Gas tax or car tab fee? Ferndale struggles to fund road fixes


FERNDALE - The City Council is likely to rescind a ballot measure that would ask voters to approve a penny-per-gallon gas tax in the city limits. Even so, city officials are continuing a debate that has persisted for years over how to raise revenue for road repairs.

When the council convenes Monday, June 3, it will reconsider its May 6 vote to put the fuel tax on the Nov. 6 ballot.

That vote was 4-3, and two who favored the measure appear ready to change their votes.

Council will meet at 6 p.m. at 5694 Second Ave.

Council member Paul Ingram, who initially voted for the ballot measure, said Wednesday, May 29, in the Finance and Administration Committee meeting that the measure shouldn't be considered for the November ballot until after the state Legislature decides whether to impose a 10-cent-per-gallon tax.

Adding to the tax burden of fuel purchasers is only part of his concern, Ingram said in a Thursday interview.

"I have some personal issues with a tax that seems to target a specific small-business industry. I wouldn't mind it if we were going after Pilot or after a big Walmart gas station," Ingram said. Pilot Flying J, based in Knoxville, Tenn., has a gas station at 1678 Main St. Its volume of fuel sales enables the company to sell gas more cheaply than the eight independent station owners in Ferndale.

The gas tax would be more acceptable to some opponents on the council, including Jon Mutchler, if it included an exemption that amounted to a tax loophole for the small-station owners.

Pilot Flying J, through its public relations firm Moxley Carmichael, declined to comment on a gas tax in Ferndale that would single out its station.

Two weeks after his May 6 vote in support of the ballot measure, council member Lloyd Zimmerman said he, too, was having second thoughts about a tax that applied only to a small number of business owners. Independent station owners speaking to the council in May said fuel sales were too competitive to allow them to pass the one-cent increase to customers.

Though the gas tax measure might be pulled on Monday, council members continue to weigh ideas for increasing revenue for road repairs. Forty percent of the city's road miles need to be rebuilt, according to a 2010 street survey. Total cost of street repairs through 2020 is estimated to be $9.6 million.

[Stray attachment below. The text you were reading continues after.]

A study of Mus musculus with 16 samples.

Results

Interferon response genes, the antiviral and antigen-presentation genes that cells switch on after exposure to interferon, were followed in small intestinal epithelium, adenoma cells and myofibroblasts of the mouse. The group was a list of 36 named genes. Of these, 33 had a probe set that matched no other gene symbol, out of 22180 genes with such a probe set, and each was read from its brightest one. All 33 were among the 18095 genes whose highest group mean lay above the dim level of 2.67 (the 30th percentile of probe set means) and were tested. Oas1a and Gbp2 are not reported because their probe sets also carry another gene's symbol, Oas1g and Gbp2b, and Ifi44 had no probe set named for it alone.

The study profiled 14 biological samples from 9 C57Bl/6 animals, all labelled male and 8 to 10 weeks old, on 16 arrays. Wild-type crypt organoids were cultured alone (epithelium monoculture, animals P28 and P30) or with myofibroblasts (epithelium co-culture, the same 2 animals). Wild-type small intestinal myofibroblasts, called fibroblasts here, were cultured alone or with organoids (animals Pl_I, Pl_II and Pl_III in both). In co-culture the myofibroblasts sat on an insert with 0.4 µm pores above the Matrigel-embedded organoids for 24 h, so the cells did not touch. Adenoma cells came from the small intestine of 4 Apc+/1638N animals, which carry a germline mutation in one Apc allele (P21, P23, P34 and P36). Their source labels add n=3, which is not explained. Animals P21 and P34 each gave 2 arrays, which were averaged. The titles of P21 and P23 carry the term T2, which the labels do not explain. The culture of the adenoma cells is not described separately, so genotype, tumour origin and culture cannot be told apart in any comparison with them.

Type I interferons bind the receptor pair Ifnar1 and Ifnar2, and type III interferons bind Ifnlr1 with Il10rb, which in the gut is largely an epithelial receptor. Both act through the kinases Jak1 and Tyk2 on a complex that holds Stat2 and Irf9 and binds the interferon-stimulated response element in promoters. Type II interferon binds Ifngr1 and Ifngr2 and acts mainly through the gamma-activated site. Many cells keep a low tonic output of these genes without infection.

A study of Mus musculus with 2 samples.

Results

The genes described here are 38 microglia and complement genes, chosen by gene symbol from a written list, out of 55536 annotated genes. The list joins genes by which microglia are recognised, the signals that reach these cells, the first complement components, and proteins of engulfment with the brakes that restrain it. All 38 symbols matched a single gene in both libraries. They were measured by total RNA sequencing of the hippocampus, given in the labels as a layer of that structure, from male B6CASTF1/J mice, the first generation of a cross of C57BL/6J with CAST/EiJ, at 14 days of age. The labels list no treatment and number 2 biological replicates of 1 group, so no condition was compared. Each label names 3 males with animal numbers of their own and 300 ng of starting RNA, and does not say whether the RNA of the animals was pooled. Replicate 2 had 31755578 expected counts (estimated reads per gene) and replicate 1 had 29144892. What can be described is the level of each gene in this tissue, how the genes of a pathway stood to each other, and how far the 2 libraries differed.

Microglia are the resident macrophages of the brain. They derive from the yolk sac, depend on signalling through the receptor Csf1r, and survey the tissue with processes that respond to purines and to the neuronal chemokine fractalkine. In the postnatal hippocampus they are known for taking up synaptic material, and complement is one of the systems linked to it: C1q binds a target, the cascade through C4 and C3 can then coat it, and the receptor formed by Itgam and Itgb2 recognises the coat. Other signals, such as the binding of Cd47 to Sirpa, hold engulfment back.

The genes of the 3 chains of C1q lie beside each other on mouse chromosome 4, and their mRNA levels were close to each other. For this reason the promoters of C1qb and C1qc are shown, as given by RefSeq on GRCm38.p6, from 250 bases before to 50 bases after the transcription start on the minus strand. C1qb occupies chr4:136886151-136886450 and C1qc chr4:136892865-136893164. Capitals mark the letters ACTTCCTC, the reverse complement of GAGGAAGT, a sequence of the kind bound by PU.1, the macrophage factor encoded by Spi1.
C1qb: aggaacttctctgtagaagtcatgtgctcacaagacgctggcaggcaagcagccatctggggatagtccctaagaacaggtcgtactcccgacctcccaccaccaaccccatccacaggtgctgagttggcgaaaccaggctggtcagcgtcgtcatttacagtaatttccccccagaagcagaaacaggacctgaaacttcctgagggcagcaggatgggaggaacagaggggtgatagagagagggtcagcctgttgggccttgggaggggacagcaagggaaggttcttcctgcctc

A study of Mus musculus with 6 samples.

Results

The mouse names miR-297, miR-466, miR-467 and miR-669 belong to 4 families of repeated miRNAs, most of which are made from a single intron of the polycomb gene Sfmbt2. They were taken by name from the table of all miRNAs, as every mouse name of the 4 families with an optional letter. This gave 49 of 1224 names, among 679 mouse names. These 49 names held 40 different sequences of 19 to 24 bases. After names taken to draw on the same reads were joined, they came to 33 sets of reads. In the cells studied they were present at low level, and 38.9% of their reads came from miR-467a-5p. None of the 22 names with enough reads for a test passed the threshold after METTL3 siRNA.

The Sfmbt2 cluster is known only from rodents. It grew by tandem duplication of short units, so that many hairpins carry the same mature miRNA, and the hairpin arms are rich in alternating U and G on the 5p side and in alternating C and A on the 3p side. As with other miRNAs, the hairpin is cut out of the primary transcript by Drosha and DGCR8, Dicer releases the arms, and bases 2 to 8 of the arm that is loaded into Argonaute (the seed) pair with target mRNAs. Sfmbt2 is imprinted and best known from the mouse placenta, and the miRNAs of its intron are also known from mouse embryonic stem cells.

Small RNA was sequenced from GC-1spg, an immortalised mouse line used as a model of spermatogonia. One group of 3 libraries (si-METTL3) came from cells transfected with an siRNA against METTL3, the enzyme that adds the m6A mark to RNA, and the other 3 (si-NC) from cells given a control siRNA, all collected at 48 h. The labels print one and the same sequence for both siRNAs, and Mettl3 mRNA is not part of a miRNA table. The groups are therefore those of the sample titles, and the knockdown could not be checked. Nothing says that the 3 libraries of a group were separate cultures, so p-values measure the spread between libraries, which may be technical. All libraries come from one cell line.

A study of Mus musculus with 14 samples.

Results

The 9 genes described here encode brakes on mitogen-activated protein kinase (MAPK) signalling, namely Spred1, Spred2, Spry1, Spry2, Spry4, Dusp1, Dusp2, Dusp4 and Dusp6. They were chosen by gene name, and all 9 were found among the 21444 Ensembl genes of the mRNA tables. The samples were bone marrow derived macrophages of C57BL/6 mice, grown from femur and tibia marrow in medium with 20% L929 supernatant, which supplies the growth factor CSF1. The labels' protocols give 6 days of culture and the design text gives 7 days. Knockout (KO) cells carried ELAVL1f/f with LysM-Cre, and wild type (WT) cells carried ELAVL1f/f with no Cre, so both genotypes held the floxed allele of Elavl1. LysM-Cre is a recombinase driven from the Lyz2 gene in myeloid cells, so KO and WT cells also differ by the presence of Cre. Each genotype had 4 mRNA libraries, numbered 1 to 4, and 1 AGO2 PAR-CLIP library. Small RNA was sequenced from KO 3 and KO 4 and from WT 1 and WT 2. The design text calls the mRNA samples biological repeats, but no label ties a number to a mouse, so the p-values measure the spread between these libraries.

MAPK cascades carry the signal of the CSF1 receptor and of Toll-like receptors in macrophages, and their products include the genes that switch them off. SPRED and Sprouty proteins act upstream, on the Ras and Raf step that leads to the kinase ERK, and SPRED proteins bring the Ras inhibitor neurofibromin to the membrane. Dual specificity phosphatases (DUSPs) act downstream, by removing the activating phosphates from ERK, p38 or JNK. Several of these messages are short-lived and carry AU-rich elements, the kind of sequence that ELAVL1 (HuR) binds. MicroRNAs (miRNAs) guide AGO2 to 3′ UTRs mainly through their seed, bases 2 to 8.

"We are desperate for (road money)," Ingram said.

At Wednesday's committee meeting, Ingram revived a proposal to increase the car-tab fee in the city by $12 - an idea rejected by council as recently as December 2011.

By one conservative estimate, the car tab fee would give the city another $96,000 annually for road fixes. This would be in addition to about $340,000 a year from a sales tax hike approved by voters in February 2012.

"It's something that could stand to be talked about again," Ingram said of the car tabs. "I know this is hard to believe - I've had people tell me they would rather pay the tab than another increase in the gas cost."

Council member Cathy Watson continues to support a gas tax ballot measure and is strongly opposed to a car-tab fee. She is skeptical about station owners' claim that they will need to absorb the penny increase.

She said the only reason council would consider a car tab over a gas tax is "because we're friends with the gas station owners and not the other 12,000 people" who live in the city and would pay the car-tab fee.

"It's true. People with money get what they want," Watson said.

Reach Ralph Schwartz at 360-715-2289 or Read his Politics blog at or follow him on Twitter at @bhamheraldpolitics.